Credit card bills are a major source of crushing, oppressive debt for millions of Americans, including thousands of people here in Philadelphia. If concerns and anxieties about paying off your credit cards are keeping you awake at night or intruding into your daily life, debt relief may be available in the form of bankruptcy. Filing for bankruptcy can help give you credit card debt relief while simultaneously protecting you from repossession, foreclosure, and other debt collection actions. By wiping out your debts, bankruptcy can also give you a greater ability to start building good credit.
While bankruptcy has many financial advantages under the right set of circumstances, it’s extremely important to have professional assistance from an experienced bankruptcy attorney. Factors like when you file for bankruptcy, which chapter of bankruptcy you file for, how much income you earn, and the amount of credit card debt you have will all need to be weighed carefully by an attorney who understands how to comply with bankruptcy regulations while making financially strategic decisions for the client.
For a free legal consultation concerning bankruptcy in Philadelphia or nearby areas of Pennsylvania, including Bucks County and Delaware County, contact Sadek & Cooper Law Offices at (215) 995-2543 today.
Does Filing Bankruptcy Eliminate Credit Card Debt?
A person who files for bankruptcy is called a “filer,” “debtor,” or “bankruptcy petitioner.” When a debtor files bankruptcy in Pennsylvania, all of his or her debts are divided into two categories: dischargeable debts, and non-dischargeable debts. If a debt is dischargeable, it means the bankruptcy court can wipe out the debtor’s liability for that debt. In other words, the debtor will no longer be liable for paying off the debt when it has been discharged.
Fortunately, most debts are dischargeable in bankruptcy, including credit card debt. That means you can get rid of credit card debt by filing for bankruptcy. This applies regardless of whether you file for Chapter 7 bankruptcy or Chapter 13 bankruptcy. Continue reading for an overview of some key differences between Chapter 7 and Chapter 13, and to learn more about which type of bankruptcy may be better for you.
Should I File Chapter 7 or Chapter 13 Bankruptcy?
This is one of the most important and fundamental questions to consider when making the decision to declare bankruptcy in Pennsylvania. At Sadek & Cooper Law Offices, our bankruptcy attorneys have extensive experience assisting debtors with both Chapter 7 and Chapter 13 cases, enabling us to make a nuanced assessment of which is more appropriate considering your debts, assets, and income, your reasons for filing bankruptcy, and the financial goals you hope to achieve.
In bankruptcy, the term “chapter” simply refers to a form or type of bankruptcy, in reference to federal bankruptcy code. While there are many chapters of bankruptcy, the majority of debtors use Chapter 7 or Chapter 13, regardless of whether they choose to file individually or file jointly with their spouses.
Chapter 7 is called “straight bankruptcy,” “ordinary bankruptcy,” or “liquidation bankruptcy.” Chapter 7 generally takes a period of approximately four to six months to complete. A person called a “trustee” is appointed to administer the bankruptcy estate, which in this case means the trustee is authorized to sell certain possessions in order to repay the debtor’s creditors to the greatest extent possible. However, Chapter 7 debtors seldom lose their homes or cars, because bankruptcy exemptions can be used to protect property. There are also many situations where trustees decide not to sell property because the value of the property is relatively low.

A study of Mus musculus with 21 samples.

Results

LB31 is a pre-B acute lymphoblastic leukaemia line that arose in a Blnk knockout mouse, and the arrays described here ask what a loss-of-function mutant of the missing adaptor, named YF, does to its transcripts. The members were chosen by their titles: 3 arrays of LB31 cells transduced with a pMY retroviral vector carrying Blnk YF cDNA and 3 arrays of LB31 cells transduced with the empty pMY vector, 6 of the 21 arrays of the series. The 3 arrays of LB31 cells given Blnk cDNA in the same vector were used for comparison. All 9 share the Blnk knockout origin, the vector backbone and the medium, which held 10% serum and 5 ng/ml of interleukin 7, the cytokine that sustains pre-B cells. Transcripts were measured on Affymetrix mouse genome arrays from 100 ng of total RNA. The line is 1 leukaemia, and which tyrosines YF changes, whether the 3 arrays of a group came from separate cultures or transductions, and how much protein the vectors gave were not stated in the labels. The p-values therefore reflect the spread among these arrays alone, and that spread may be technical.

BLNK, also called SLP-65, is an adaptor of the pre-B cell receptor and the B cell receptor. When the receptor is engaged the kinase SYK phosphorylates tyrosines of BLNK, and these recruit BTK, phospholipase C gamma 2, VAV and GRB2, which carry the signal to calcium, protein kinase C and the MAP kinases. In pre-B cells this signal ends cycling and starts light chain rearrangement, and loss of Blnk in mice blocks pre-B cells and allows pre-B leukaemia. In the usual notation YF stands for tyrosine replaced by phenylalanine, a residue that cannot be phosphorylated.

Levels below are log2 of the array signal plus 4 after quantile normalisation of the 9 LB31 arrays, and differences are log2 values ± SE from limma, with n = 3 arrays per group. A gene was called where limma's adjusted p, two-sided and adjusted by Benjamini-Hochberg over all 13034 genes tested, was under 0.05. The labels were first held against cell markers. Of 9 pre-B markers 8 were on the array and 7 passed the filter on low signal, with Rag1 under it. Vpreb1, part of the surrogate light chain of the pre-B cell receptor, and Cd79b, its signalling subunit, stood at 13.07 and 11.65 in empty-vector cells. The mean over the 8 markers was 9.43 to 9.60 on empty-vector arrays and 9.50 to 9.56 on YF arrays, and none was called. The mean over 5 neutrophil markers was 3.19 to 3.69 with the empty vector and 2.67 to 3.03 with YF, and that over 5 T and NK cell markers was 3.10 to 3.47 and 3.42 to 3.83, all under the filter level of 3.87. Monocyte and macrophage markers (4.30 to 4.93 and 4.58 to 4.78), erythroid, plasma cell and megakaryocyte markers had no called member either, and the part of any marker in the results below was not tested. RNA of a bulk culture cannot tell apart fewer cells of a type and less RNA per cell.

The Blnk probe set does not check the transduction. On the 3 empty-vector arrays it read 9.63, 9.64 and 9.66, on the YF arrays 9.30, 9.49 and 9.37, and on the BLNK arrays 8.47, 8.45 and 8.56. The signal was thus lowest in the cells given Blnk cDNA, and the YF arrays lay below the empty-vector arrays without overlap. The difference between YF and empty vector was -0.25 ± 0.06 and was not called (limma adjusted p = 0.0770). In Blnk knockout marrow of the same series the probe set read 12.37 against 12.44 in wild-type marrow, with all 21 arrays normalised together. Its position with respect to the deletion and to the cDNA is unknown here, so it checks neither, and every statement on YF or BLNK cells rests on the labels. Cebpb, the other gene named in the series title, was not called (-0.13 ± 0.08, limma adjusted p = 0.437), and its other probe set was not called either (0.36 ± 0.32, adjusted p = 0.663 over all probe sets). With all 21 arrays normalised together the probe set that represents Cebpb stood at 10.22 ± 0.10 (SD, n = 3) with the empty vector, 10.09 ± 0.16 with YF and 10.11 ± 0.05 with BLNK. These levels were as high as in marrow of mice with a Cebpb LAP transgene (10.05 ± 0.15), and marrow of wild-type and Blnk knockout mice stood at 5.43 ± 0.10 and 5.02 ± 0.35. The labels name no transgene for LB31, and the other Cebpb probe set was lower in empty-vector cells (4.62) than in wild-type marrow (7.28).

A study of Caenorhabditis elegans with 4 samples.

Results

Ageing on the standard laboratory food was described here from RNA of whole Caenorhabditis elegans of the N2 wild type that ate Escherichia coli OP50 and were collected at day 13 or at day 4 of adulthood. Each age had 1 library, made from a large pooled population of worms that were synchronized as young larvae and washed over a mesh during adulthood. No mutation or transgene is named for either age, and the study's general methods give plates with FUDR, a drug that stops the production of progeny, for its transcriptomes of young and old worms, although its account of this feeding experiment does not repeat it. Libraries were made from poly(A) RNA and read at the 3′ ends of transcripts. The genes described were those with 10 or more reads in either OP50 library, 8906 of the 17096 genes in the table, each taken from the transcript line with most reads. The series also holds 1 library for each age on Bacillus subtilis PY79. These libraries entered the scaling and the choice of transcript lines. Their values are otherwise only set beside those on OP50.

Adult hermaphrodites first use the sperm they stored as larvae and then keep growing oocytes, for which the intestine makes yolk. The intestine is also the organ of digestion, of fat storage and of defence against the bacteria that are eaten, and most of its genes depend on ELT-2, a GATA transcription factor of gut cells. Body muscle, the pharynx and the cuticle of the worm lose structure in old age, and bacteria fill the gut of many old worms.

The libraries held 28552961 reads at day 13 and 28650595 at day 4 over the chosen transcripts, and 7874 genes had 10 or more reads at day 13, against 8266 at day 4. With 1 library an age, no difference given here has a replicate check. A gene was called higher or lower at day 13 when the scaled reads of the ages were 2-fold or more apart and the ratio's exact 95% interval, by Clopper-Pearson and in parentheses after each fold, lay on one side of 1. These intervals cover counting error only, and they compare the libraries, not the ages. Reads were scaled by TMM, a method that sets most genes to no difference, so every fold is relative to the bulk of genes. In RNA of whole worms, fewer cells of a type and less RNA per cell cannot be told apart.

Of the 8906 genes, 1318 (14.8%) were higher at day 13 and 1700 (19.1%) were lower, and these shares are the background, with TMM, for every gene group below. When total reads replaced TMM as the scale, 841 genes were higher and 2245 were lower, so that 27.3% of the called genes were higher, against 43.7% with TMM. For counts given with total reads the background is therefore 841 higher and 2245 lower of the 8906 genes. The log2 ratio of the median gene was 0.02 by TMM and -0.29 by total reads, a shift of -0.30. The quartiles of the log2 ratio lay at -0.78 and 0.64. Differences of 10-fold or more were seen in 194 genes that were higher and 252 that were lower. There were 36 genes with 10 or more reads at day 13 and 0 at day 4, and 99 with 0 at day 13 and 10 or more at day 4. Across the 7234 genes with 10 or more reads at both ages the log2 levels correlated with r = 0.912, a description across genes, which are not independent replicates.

If the debtor complies with bankruptcy rules, most of his or her debts will be discharged (eliminated). This includes not only credit card debts, but also:
- Business Debts
- Debts from Personal Loans
- Medical Debt
- Past-Due Rent
- Past-Due Utility Bills
Chapter 13 is called “reorganization bankruptcy” or a “wage earner’s plan.” Chapter 13 takes a period of three or five years to complete. Chapter 13 is primarily designed for debtors with higher income and more valuable assets. This is because Chapter 13 revolves around a “reorganization plan,” under which the debtor makes monthly payments to the trustee. The trustee then disburses the money to various creditors. In exchange, the debtor gets to keep all of his or her property.
If the debtor makes up missed mortgage and car loan payments, and continues making payments in a timely fashion, the debtor can stop home foreclosure and prevent repossession of their vehicle. Additionally, many of the same debts are dischargeable under Chapter 13 as are dischargeable in Chapter 7. In fact, Chapter 13 allows debtors to discharge several debts which can’t be eliminated by Chapter 7 bankruptcy, such as certain debts related to divorce proceedings.
Philadelphia Credit Card Debt Attorneys Offering Free Bankruptcy Consultations
Filing for bankruptcy can be one of the best financial decisions you ever make. However, it’s important to have guidance from a knowledgeable and experienced attorney with a strong understanding of bankruptcy regulations and court rules. Your bankruptcy lawyer can handle your legal documentation, advise you on all aspects of your bankruptcy case, and make sure you comply with bankruptcy laws. For a free bankruptcy consultation with the credit card debt attorneys of Sadek & Cooper Law Offices, call our law firm today at (215) 995-2543.